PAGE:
When watching this year’s edition of the Tour de France one of its arrival places was Liège, the former industrial backbone of Wallonia. Although the city of Liège itself is not a very exciting place, one thing caught my eye: the train station Liège-Guillemins. Two years ago I fortuitously travelled via this station and was completely overwhelmed by the greatness and lightness of this edifice. An entirely unexpected, and somewhat misplaced, structure in the desolated region at the border with Germany. The station is a design by the Spanish architect Santiago Calatrava (b. 1951), one of the major architects of this century. Made of steel, glass and white concrete, the structure includes a monumental arch of 160 metres long and 32 metres high. The roofs of the platforms resemble space ships. Evoking a futuristic vibe, the station is a shiny eye-catcher in this grey area.
Calatrava is known for his often gleaming white, sky-high designs. His style has been described as distinctly neo-Futurist for its innovative use of materials and sleek, forward-thinking aesthetic. His fluid, dreamlike buildings in civic space encompass bridges, train stations, and cultural edifices. His most famous projects include the Milwaukee Art Museum, the Turning Torso tower in Malmö, Sweden, the Margaret Hunt Hill Bridge in Dallas, Texas, and his largest project, the City of Arts and Sciences and Opera House, in Valencia.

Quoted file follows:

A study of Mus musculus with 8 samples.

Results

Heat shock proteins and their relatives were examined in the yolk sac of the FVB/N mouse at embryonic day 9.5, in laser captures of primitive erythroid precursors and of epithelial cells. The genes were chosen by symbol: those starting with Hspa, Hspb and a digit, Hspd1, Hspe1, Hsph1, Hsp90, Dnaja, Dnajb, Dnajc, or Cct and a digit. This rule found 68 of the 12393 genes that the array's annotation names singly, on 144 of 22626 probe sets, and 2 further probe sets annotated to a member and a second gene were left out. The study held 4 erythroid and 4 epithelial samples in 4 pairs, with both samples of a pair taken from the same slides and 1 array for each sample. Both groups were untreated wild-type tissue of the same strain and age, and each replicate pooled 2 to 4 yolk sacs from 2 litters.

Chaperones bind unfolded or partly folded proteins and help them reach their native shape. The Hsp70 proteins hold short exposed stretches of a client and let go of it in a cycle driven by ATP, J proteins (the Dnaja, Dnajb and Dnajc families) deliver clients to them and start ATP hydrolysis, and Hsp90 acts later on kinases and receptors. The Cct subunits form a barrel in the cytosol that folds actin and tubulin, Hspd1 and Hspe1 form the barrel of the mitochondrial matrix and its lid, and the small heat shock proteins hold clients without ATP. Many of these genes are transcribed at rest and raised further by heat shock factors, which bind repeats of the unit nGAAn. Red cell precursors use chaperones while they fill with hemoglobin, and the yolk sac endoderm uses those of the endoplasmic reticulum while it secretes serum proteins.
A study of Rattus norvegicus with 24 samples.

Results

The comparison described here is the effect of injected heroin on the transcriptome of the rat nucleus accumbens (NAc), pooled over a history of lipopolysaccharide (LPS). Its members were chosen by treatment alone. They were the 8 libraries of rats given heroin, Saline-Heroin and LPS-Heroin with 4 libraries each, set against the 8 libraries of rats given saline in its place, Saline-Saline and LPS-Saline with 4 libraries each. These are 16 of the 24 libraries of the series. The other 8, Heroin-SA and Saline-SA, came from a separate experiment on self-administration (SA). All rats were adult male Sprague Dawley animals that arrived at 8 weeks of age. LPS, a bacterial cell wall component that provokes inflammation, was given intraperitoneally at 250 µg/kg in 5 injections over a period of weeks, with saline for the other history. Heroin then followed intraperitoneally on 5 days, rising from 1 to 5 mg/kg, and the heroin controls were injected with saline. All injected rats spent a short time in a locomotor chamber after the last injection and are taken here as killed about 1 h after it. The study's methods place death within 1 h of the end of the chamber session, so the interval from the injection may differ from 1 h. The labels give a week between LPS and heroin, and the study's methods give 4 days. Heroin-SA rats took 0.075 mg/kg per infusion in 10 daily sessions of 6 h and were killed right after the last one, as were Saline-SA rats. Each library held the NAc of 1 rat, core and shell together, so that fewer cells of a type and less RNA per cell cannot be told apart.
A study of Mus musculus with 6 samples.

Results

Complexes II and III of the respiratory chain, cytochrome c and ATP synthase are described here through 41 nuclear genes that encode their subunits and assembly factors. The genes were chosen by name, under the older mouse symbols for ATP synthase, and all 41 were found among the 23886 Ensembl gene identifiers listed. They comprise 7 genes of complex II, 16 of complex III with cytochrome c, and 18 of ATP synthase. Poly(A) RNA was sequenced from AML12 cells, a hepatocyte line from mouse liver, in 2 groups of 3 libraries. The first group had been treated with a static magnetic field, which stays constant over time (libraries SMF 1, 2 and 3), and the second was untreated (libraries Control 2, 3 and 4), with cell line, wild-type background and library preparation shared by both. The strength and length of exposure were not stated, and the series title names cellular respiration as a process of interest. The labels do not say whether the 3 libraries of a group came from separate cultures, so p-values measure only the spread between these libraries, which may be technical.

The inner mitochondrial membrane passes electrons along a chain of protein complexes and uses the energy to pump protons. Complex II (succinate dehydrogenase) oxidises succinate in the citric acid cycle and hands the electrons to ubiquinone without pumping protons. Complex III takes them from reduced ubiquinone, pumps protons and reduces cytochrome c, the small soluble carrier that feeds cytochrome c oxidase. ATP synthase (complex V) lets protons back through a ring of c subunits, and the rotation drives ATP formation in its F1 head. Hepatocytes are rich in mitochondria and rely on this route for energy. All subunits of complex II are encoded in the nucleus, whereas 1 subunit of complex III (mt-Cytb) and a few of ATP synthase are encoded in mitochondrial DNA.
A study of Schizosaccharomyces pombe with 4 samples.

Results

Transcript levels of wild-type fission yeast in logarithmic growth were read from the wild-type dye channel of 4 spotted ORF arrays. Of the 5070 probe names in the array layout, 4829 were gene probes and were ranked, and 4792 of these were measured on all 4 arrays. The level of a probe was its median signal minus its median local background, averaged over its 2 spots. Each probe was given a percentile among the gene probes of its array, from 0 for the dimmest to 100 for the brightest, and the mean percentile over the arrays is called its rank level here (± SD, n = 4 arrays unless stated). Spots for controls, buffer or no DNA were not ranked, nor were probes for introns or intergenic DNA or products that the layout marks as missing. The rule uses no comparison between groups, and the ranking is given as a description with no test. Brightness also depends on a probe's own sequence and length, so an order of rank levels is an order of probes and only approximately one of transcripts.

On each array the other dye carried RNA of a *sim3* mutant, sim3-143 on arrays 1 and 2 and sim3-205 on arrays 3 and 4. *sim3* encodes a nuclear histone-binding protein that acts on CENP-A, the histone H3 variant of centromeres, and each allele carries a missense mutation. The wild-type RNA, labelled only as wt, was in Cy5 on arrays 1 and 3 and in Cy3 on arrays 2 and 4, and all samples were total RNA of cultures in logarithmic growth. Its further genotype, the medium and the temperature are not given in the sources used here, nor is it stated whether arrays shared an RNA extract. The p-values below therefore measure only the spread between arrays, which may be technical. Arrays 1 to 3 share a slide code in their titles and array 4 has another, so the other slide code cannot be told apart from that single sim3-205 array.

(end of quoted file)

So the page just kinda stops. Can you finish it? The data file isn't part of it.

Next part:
However, when talking about Calatrava’s major architectural projects the increasing criticism has to be mentioned as side note. Over the past few years his projects began to draw criticism on the grounds of their cost, delays, and functional problems. Some of the issues have been caused by an excess of innovation and insufficient testing. For example, the glass tiles on the floor of his bridge in Bilbao became slippery in the rain, causing an increased number of accidents and forcing the installation of a black anti-slip carpet on the decking, which blocked the view of the river through the walkway.
Surprisingly enough, with the criticism, lawsuits and ambiguous relationship the architect has with some municipalities, Calatrava continues to realize projects all over the world (Dubai, Huashan, Zurich, or New York). Hopefully with less controversial and problematic outcomes.